If all particles are fields, why does first quantization work for some particles?

First quantisation cannot accommodate pair-production, which is non-negligible at energies comparable to the mass of the particle. Therefore,

First quantisation only works for massive particles, and only in the range of energies that make motion non-relativistic.

Of course, this doesn't mean that a massive particle can always be modelled in a first quantisation scheme: for example, another requirement is that the particle is stable, and unaffected by confinement, etc.

Towards the edit, let me stress that the localisation of particles in a relativistic context is a very subtle issue (cf. this and this PSE questions). A nice reference for this problem is No place for particles in relativistic quantum theories?, by H. Halvorson and R. Clifton.

AccidentalFourierTransform gives you physical reasons but first quantization also came about partially for both historical and pedagogical reasons.

If you take the electron, a hundred years ago it was cutting edge science to match up the predictions of the "weird" quantum world to what was "obvious" in the classical world.

In something similiar to the simple (but misleading) Bohr semi-classical picture of the atom, first quantization makes certain simplifying assumptions and mixes classical and quantum descriptions.

In first quantization, some physical properties, such as electric or magnetic fields, and the potential wells associated with them, are treated classically, but their effects are seen as changes in the quantum description (utilising wave functions and matrices) of particles, especially the electron.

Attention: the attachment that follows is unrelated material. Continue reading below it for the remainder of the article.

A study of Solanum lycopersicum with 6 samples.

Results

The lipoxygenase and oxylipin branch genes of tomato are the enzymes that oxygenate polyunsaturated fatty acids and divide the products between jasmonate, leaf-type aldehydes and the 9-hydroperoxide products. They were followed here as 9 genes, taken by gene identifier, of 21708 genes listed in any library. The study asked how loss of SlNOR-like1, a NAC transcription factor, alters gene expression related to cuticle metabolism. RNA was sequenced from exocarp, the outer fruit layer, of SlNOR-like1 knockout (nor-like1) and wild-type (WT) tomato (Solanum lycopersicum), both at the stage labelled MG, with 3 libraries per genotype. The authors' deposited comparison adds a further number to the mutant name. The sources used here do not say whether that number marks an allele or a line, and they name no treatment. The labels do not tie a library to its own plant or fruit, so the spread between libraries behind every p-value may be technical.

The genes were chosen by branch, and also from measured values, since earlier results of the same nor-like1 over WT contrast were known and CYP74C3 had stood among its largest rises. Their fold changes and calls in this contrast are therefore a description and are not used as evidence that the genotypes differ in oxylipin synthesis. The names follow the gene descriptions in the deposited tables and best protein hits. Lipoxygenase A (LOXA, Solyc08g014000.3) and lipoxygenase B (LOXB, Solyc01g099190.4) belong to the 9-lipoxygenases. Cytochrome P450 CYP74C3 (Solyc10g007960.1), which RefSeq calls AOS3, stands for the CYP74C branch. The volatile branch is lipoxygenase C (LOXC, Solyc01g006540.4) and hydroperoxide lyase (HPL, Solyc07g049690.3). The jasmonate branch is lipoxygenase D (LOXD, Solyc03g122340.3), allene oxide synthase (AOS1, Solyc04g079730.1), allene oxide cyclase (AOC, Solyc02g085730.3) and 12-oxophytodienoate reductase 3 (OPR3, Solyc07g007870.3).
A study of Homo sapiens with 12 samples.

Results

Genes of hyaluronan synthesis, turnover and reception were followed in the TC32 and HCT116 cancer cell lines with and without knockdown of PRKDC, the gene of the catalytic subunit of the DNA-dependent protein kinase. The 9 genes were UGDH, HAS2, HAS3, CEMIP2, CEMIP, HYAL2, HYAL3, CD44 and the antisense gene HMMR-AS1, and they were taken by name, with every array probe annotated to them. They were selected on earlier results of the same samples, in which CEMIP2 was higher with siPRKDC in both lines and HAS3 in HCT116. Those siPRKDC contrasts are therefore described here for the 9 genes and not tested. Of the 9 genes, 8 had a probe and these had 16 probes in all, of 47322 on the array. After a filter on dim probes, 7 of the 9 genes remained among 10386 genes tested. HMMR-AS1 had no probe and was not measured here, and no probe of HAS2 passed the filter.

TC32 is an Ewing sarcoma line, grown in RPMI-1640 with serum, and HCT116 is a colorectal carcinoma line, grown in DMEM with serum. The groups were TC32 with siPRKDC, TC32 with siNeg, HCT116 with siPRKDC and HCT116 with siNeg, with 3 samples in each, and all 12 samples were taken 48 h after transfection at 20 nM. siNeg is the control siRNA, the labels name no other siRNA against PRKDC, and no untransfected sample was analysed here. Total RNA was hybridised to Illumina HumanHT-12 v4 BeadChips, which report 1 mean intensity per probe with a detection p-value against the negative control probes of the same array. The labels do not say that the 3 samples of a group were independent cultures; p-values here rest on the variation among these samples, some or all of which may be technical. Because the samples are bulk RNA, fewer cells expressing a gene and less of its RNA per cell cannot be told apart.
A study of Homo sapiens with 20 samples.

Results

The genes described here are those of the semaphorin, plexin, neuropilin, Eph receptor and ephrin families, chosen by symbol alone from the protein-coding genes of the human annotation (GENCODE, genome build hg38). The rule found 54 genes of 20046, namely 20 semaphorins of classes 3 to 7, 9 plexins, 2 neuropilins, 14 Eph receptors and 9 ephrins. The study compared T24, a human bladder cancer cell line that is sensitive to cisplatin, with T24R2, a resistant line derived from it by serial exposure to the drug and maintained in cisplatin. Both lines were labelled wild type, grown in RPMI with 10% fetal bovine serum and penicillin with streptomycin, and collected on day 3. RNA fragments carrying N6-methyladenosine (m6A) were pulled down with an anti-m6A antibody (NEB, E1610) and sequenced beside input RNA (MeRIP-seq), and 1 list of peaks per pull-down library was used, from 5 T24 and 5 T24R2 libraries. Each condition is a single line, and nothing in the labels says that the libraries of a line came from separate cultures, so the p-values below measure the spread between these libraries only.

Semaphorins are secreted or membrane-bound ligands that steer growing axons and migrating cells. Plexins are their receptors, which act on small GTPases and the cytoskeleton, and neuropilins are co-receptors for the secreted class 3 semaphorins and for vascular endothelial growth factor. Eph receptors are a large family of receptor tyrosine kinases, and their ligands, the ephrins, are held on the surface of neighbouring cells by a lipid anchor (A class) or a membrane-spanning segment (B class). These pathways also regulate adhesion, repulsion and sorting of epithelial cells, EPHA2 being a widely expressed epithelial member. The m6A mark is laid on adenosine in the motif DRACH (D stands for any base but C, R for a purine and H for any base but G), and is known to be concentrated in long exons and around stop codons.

Actually, imo there is no other real alternative to learning QM basics, except by treating quantum systems as they are done in the first quantization method. As John says in the comments, otherwise you would need to know more about QED and QFT. If you were treating a system of say, an electron in a magnetic field without the use of first quantization, it would be a confusing chicken and egg like affair, with the need to explain the $E $ and $B $ fields in field terms.

Its much easier to learn the basics of QM this way, and allows for the particle's motion and spin to be dealt with in the first "explanation" of how a particle behaves quantum mechanically and without the distraction of having to explain non essential "external" effects.

Second quantization then appears after you upgrade from the Schroedinger equation to the Dirac equation, with it's built in description of spin, particle production and the later introduction of the field concept as the basis for modern particle physics.